Five years ago, Indianapolis civic leaders set out to jump-start a statewide conversation about the importance of preschool. Today, we can say we achieved that goal — not just with the countless anecdotes we’ve heard about how access to early childhood education has helped families and set students on a path to success, but with years of data to back it up.
Yet, in Indianapolis and across the state, thousands of children — especially our city’s most vulnerable — still lack access to a quality preschool, putting them behind in reading and math compared to many of their peers and paving the way for a tough kindergarten transition. The Early Learning Advisory Council (ELAC) reports that of Marion County’s 13,675 4-year-olds, two-thirds were still in need of early childhood educational opportunities in 2019.
Over the last four years, we have asked Indiana lawmakers from both parties to work together to provide full funding so that every 4-year-old has access to an excellent preschool. In a state where children are not required to be in school until age 7, it might seem that expanding preschool is too lofty a goal. Estimates from ELAC suggest that it would cost nearly $215 million to help every child living in poverty in the city to attend a high-quality program, let alone offering high-quality preschool to all 4-year-olds.
But we also know it’s a worthwhile investment — according to Early Learning Indiana, every dollar spent on high-quality pre-K saves the state an estimated $4 on special education costs and remediation and grade retention, among other savings. Further, ensuring that families have access to quality preschool opportunities can help to disrupt the cycle of poverty, allowing parents to take advantage of workforce development and job training programs, and creating pathways to careers that provide a living wage.
That’s why we have worked to expand conversations occurring in Indianapolis between elected officials, business owners, and community leaders. Earlier this year, in partnership with the Indy Chamber and dozens of local organizations, we announced plans to holistically readdress the city’s economic development incentives structure, placing a greater emphasis on removing barriers to employment — barriers such as childcare and transportation.
Families are ready to take advantage of quality early childhood education opportunities, demonstrated by the over 3,100 who have taken advantage of preschool scholarships through the Indy Preschool Program. But it can be a challenge for those families that need help most, given the high financial burden. High-quality care in Indianapolis costs, on average, more than $9,000 per year, representing a significant chunk of a family’s income.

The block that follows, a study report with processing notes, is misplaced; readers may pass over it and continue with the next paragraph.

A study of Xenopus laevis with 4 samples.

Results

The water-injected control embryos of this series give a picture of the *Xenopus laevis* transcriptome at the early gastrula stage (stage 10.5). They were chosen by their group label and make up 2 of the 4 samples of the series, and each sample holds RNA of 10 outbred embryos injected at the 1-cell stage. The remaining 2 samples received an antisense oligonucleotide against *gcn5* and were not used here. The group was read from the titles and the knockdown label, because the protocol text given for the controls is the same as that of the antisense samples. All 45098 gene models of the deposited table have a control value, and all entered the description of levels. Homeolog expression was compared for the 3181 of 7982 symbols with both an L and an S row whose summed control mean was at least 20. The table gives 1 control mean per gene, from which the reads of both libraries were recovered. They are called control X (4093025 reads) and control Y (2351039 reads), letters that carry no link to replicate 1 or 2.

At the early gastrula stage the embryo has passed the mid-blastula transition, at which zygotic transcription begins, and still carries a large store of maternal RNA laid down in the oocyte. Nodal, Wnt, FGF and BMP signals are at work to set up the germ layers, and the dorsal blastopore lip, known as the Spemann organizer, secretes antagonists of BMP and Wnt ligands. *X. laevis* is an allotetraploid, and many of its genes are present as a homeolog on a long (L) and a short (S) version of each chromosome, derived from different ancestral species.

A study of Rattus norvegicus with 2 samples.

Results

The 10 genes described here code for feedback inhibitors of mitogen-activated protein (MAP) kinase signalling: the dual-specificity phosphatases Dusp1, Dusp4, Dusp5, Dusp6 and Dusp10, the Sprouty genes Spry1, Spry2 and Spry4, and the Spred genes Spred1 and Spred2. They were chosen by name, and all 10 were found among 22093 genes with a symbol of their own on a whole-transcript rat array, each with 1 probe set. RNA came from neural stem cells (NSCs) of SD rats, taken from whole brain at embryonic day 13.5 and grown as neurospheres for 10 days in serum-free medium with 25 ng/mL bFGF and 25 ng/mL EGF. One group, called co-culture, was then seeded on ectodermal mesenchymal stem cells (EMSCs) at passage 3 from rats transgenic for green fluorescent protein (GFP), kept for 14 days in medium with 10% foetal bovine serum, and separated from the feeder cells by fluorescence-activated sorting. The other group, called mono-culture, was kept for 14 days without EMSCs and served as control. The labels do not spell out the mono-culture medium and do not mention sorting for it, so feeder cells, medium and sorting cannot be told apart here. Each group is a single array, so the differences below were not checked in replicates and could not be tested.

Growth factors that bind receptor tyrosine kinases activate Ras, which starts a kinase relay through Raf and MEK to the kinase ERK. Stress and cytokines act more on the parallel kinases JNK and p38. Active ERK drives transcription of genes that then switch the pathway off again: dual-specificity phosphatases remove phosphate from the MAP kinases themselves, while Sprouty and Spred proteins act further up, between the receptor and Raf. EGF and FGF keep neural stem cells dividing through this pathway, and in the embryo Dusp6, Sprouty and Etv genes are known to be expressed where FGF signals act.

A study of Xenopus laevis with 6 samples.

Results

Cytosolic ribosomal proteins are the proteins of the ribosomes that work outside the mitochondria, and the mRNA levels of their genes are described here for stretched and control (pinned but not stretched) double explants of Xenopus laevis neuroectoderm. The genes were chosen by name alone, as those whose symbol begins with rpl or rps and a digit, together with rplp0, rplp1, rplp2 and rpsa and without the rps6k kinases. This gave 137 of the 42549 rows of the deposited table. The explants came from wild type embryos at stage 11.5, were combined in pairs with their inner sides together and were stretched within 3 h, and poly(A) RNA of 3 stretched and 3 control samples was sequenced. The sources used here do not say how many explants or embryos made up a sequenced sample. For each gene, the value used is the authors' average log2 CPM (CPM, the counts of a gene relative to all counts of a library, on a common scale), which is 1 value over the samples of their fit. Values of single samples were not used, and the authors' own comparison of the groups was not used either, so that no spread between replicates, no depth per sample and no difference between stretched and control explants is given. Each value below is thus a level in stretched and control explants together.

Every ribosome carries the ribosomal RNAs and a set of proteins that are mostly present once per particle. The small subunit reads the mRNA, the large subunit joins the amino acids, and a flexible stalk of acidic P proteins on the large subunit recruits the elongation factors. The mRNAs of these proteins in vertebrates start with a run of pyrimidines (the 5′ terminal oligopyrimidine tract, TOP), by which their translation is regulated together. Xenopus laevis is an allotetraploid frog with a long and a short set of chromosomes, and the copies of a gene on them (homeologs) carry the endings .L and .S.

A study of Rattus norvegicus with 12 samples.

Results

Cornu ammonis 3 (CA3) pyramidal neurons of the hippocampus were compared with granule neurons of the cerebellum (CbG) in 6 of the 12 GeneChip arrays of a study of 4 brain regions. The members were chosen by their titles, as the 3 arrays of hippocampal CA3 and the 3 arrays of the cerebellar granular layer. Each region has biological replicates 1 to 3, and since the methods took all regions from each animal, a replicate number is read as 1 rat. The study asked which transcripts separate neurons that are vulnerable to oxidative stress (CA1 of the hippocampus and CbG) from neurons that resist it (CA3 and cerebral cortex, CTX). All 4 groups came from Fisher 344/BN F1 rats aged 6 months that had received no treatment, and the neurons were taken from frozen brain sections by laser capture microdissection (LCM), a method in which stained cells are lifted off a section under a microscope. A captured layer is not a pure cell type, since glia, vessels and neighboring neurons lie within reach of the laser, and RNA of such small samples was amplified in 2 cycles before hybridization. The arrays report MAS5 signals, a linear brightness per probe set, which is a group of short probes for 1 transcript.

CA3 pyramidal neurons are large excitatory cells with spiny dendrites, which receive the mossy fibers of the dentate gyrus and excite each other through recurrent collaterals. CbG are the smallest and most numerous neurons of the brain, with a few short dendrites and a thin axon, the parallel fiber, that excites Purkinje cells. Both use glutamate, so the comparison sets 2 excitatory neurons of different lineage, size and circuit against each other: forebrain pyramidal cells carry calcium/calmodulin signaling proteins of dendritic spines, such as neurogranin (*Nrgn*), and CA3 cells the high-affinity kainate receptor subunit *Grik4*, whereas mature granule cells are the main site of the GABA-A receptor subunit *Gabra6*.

We want to welcome companies to Indianapolis that believe in our city’s future as much as we do. That’s why we’re not just focused on state lawmakers, but on our partners in the education and business communities, asking them to embrace bold strategies that will help to create a brighter future for Marion County.
A future where hardworking families don’t have to sacrifice their livelihoods so that their children have the same educational opportunities as their more affluent peers. A future where every child comes to kindergarten ready and excited to learn. A future where every corner of the city has an excellent, safe, affordable preschool.
Joe Hogsett is mayor of Indianapolis.
The season for Sharing and the Tully Fund
To help make early childhood education accessible to more families, IndyStar is focusing this year’s Season for Sharing campaign to provide grants in partnership with the Matthew L. Tully Memorial Fund. Matt Tully was a former IndyStar columnist who died last year after a long battle with cancer. He wrote passionately for the critical need for early childhood education.
Help us make a difference in central Indiana and considering giving to our Season for Sharing campaign.
The shared mission of IndyStar’s Our Children initiative and annual Season for Sharing campaign is to use the power of journalism to make a difference for Central Indiana youths. The Nina Mason Pulliam Charitable Trust will match up to $25,000 in donations. All charitable donations are tax-deductible.
Go to indystar.com/ocdonate to learn how to donate online and to read stories about work being done to help children in our community. If you prefer to send a check, please mail to Central Indiana Community Foundation, Attn: Our Children, 615 N. Alabama St., Suite 300, Indianapolis, IN 46204. You also can donate by texting “SHARING” to 80888.